May 31, 2018 - By Ginna Hall, Senior Writer, Nielsen Visual IQ

How Multi-Touch Attribution Helps Retailers Understand Every Touchpoint

This content was originally published in RetailTechNews.

Whether it’s traditional retailers or e-commerce pure plays, any retailer worth their salt has an online selling presence. However, with so many channels influencing the customer path to purchase, attributing 100% of the sale to the last click is no longer good enough.

Here, Wayne St Amand, CMO, Visual IQ, a Nielsen Company, explains to RetailTechNews that multi-touch attribution is a necessity if retailers want to optimize spend.

To customize experiences for consumers, retailers must implement measurement approaches, such as multi-touch attribution, that shine a light on the cross-channel consumer journey.

RetailTechNews: Is it enough to focus on sales targets?

Wayne St Amand: While sales numbers and revenue are extremely important to any business, and marketing is ultimately held accountable for contributing to these results, there are a number of leading indicators to revenue that should be tracked as well.

To optimize performance, retail marketers must not only consider the end goal of revenue, but also the vast number and variety of digital pathways that will attract and expose the right audience to the most relevant marketing messages and offers.

Understanding how these interactions are influencing desired behaviours and outcomes at each stage of the funnel will, ultimately, help retailers improve the effectiveness of their marketing in driving top-line growth and bottom-line efficiency.

If not sales data, what outcomes should retailers be setting targets against?

To be as productive as possible, retailers need to use the best possible tools and technology to identify their most valuable audience segments. Digital allows marketers to expose the world of consumers to their message; but not everyone in the world is going to be interested in that message.

Instead, the focus should be on the audience segments that are most appropriate for your brand, utilizing the correct tools to identify those with a propensity to engage and convert.

Whether your end goal is revenue or engagement, the one thing that matters most is that your content is accurately targeted to a high-value audience.  

How do attribution and analytics affect retailers’ revenue models?

Any marketing campaign can drive revenue and performance to some extent; but if they aren’t being measured appropriately, it’s easy to waste spend on ineffective tactics. If retailers implement tools, such as attribution, they can gain a greater understanding of their organization’s most effective path to revenue, and how the marketing mix works to create this.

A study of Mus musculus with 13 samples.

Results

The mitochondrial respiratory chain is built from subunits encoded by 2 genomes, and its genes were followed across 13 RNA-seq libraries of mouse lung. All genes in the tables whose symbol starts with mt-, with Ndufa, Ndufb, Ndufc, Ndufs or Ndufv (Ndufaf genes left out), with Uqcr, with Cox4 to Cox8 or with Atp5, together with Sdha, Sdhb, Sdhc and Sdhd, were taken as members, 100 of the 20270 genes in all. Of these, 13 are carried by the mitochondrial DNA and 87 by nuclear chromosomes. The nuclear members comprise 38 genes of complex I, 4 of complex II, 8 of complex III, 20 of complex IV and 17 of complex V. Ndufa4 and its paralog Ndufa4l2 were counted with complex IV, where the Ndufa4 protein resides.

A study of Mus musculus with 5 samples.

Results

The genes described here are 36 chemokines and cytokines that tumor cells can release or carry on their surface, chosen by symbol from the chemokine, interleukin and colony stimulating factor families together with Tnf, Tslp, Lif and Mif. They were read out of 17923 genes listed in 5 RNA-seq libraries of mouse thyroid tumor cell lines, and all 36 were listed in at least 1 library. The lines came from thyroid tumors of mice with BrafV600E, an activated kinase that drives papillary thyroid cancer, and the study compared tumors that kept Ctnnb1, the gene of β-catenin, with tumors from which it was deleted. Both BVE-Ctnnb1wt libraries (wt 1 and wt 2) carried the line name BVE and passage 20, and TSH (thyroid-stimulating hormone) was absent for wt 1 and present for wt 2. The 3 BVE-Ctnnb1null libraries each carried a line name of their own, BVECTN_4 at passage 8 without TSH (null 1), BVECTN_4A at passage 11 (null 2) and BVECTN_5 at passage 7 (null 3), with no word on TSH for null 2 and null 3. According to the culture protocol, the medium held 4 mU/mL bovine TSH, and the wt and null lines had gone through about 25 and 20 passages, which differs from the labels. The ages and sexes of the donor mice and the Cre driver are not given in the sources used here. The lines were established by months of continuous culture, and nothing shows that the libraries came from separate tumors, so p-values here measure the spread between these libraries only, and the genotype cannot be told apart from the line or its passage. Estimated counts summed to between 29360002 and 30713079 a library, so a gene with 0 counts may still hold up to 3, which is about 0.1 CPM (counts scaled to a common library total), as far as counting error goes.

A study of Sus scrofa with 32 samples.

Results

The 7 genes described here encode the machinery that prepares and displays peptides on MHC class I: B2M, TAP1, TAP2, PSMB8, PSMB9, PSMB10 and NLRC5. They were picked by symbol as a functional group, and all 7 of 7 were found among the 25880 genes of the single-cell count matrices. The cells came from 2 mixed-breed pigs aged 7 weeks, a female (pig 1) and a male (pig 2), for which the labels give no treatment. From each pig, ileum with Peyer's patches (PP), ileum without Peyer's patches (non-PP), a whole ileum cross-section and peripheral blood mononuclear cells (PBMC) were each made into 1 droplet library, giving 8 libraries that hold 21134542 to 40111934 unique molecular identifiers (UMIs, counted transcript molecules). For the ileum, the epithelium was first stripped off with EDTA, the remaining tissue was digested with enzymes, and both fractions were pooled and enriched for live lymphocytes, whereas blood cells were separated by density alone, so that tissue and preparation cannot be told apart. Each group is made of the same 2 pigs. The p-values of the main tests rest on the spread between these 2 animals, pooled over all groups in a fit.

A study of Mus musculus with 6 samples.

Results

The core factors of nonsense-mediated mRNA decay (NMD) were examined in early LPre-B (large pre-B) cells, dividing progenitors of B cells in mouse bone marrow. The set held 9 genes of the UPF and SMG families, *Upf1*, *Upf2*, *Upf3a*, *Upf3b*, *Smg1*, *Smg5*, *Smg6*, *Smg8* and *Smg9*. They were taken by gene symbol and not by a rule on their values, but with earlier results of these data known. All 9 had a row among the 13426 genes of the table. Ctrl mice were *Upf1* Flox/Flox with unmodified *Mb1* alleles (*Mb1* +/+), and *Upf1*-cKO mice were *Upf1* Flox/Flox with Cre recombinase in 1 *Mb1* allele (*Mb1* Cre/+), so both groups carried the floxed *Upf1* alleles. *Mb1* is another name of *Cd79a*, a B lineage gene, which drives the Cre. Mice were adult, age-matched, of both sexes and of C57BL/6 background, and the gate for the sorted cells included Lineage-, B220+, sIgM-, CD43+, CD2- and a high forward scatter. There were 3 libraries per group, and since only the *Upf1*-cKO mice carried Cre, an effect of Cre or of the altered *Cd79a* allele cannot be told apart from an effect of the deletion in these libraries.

The Holy Grail for marketers is to really understand the interplay of their activities. By implementing an attribution methodology, brands can break down silos and gain an holistic view of marketing performance, assigning fractional credit to multiple elements in the chain of influence that leads to revenue.

Meaning, they will be able to measure the true contribution of each marketing and advertising channel, and optimize future marketing spend to achieve their revenue objectives.

Multi-Touch Attribution Helps Retailers

How can better use of attribution and analytics improve the customer experience?

The rise of people-based marketing is born out of marketers’ desire to become more relevant. To customize consumer experiences, retailers must implement measurement approaches, such as multi-touch attribution, that shine a light on the cross-channel consumer journey.

Multi-touch attribution enables retailers to understand the influence of each touchpoint on an individual’s path to conversion. This not only develops a deep knowledge of campaign effectiveness, but also a view of how to uniquely tailor messages and tactics to suit specific target audiences.

Brands can then apply this insight to optimize the consumer experience to drive more engagement, more purchases and, ultimately, long-term loyalty.

What are the main challenges in developing new revenue models?

The main challenge we usually come across is a lack of data when developing new revenue models. Too often, retailers rely on gut instinct and intuition, rather than starting the process with the data they need to really do it right – which can lead to inefficiency and waste.  

To be effective, organizations must take a data-centric approach to their revenue models that offers an holistic picture of performance. By illuminating hidden optimization opportunities, marketers can allocate budgets more efficiently and effectively, while making the consumer’s entire journey a better experience.